Activism oil company logos

Published on May 6th, 2011 | by Zachary Shahan


Continuing on with our series on 350.org’s The U.S. Chamber of Commerce Doesn’t Speak for Me campaign, let’s take a quick look at some ties between the Chamber and the oil industry.

As you may have heard, and 350.org recently noted, large oil companies are having a ball, raking in billions and billions of dollars in profit (that’s right, not revenue but profit) while the U.S. economy suffers:

Exxon Mobil nabbed $10.7bn; Shell pulled in $6.9bn; Chevron, $4.5bn; and last but not least, BP, after accounting for oil spill losses still made out with $7.1bn.”

Despite tremendous profits, the U.S. government thinks the oil companies still need a ton of help ($4 billion worth of it)! Taxpayers give oil companies $4 billion in subsidies every year. No small change. And while the GOP tried to cut funding for numerous useful services and programs, like NPR, to “save” money/cut wasteful spending, the fact is that the oil companies walk away with a ton more government support than these useful, relatively small “wastes of money” year after year.

Now, you know oil companies themselves drop a hefty money bag on politicians’ laps, but something you may not be aware of is how much the U.S. Chamber of Commerce does so on their behalf, or how much the U.S. Chamber of Commerce does to legally protect the fat cats who run these companies.

Regarding a push to cut the oil industry’s $4 billion in taxpayer subsidies, let’s see how the U.S. Chamber of Commerce responds:

Here’s what Karen Alderman Harbert, a US Chamber official had to say at a recent House Natural Resources Committee hearing:

When Rep. Ben Ray Lujan (D-NM) asked whether Harbert supported the billions of taxpayer subsidies that go to Big Oil, she refused to give a yes or no answer. She instead tried to squeeze in a pitch for why Big Oil subsidies are necessary, even with billions in profits. She feels that denying those subsidies would be unfairly, “singling out the oil and gas industry and penalizing it.”

Yes, poor oil companies, making billions upon billions of dollars in profit a year and the U.S. public wants to stop giving them $4 billion dollars worth of food stamps. How could we do that to them? The industry destroys our environment, whole regions of the country (like the Gulf coast), but we are being “unfair” in our effort to stop paying their bills. (Ridiculous.)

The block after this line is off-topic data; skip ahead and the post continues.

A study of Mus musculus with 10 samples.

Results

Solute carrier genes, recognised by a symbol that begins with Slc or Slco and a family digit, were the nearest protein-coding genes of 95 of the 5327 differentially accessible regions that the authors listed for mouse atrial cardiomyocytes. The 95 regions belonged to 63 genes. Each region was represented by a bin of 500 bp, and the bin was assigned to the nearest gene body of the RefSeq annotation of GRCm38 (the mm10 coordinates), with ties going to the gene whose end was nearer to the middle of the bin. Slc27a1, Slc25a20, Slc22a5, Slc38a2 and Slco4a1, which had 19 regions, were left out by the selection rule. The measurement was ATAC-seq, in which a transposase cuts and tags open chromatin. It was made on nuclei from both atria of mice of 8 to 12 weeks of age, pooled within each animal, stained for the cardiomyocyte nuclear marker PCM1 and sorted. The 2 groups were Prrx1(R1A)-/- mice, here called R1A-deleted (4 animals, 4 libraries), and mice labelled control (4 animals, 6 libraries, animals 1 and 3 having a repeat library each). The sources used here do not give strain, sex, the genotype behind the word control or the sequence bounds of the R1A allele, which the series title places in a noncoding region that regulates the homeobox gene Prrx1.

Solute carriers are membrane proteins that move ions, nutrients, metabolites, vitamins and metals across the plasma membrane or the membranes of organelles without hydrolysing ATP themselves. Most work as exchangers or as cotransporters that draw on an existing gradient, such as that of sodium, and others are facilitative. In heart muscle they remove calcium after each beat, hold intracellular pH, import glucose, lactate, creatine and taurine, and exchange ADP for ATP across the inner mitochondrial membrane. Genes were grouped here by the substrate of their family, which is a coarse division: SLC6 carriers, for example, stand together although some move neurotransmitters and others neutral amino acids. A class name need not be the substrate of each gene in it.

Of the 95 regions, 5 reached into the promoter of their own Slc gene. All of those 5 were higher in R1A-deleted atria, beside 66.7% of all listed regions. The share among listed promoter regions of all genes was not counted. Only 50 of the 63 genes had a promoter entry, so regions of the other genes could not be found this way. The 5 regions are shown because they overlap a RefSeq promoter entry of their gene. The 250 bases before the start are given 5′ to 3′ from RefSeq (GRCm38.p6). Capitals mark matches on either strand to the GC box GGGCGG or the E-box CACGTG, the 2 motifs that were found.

In a post on the U.S. Chamber Watch blog, we learn a little more about the ties between the U.S. Chamber of Commerce and its top members, oil companies. These are some questions from a quiz it published on its site Earth Day:

Q. This week marked the one year anniversary of the British Petroleum (BP) gulf oil spill, after which Chamber President Tom Donohue came under fire for saying that American taxpayers should help pay for the oil spill cleanup. In the past year, how else has the Chamber helped BP remain unaccountable to the American people?

a.) Chamber lobbied against bill making it easier for victims to sue for damages
b.) Chamber helped defeat LA bill making it easier for state to sue BP for damages
c.) Chamber unabashedly supported and continues to support deepwater drilling
d.) All of the above

A. If you answered “D,” “all of the above,” you are correct. The U.S. Chamber had been “shilling” for BP long before the oil disaster and ratcheted up its support immediately following the spill. In the fall of 2009, while many other large corporations had already distanced from the Chamber over climate issues, a BP spokesman embraced the Chamber noting, “Yes, BP is a member of the U.S. Chamber of Commerce and expects to remain so.” And as the reporter explained, that news likely caused Tom Donohue to “breathe a sigh of relief.”

Q. The U.S. Chamber has legally defended which of the following companies when environmental-related lawsuits were brought against them?

a.) Chevron
b.) Citgo
c.) American Electric Power Company
d.) Hornbeck Offshore Services Inc.
e.) Duke Energy Corporation
f.) Exxon Mobil
g.) Cinergy Corporation
h.) All of the above

A. If you answered “H,” “all of the above” you are once again correct. The (litigation-hating?) Chamber has filed friend-of-the-court briefs on behalf of the companies listed above and many, many more when others were trying to hold the corporations accountable for damages to human life and the environment.

Convinced yet that the U.S. Chamber of Commerce might just be a more pleasant name for Big Oil lobbyists? I hope so….

Keep reading about this topic and share the word, if the U.S. Chamber of Commerce doesn’t speak for you.

  1. “U.S. Chamber of Commerce Doesn’t Speak for Me” Campaign Growing Fast
  2. Why Nike, Apple, Best Buy, Johnson & Johnson, & Others Don’t Jive with the U.S. Chamber of Commerce
  3. Money Pollution: How the U.S. Chamber of Commerce Tries to Screw the U.S.
  4. U.S. Chamber of Commerce Doesn’t Speak for Me — How About You?
  5. Does the U.S. Chamber of Commerce Speak for You {INFOGRAPHIC}

Top image via anolobb





is the director of CleanTechnica, the most popular cleantech-focused website in the world, and Planetsave, a world-leading green and science news site. He has been covering green news of various sorts since 2008, and he has been especially focused on solar energy, electric vehicles, and wind energy for the past four years or so. Aside from his work on CleanTechnica and Planetsave, he's the Network Manager for their parent organization – Important Media – and he's the Owner/Founder of Solar Love, EV Obsession, and Bikocity. To connect with Zach on some of your favorite social networks, go to ZacharyShahan.com and click on the relevant buttons.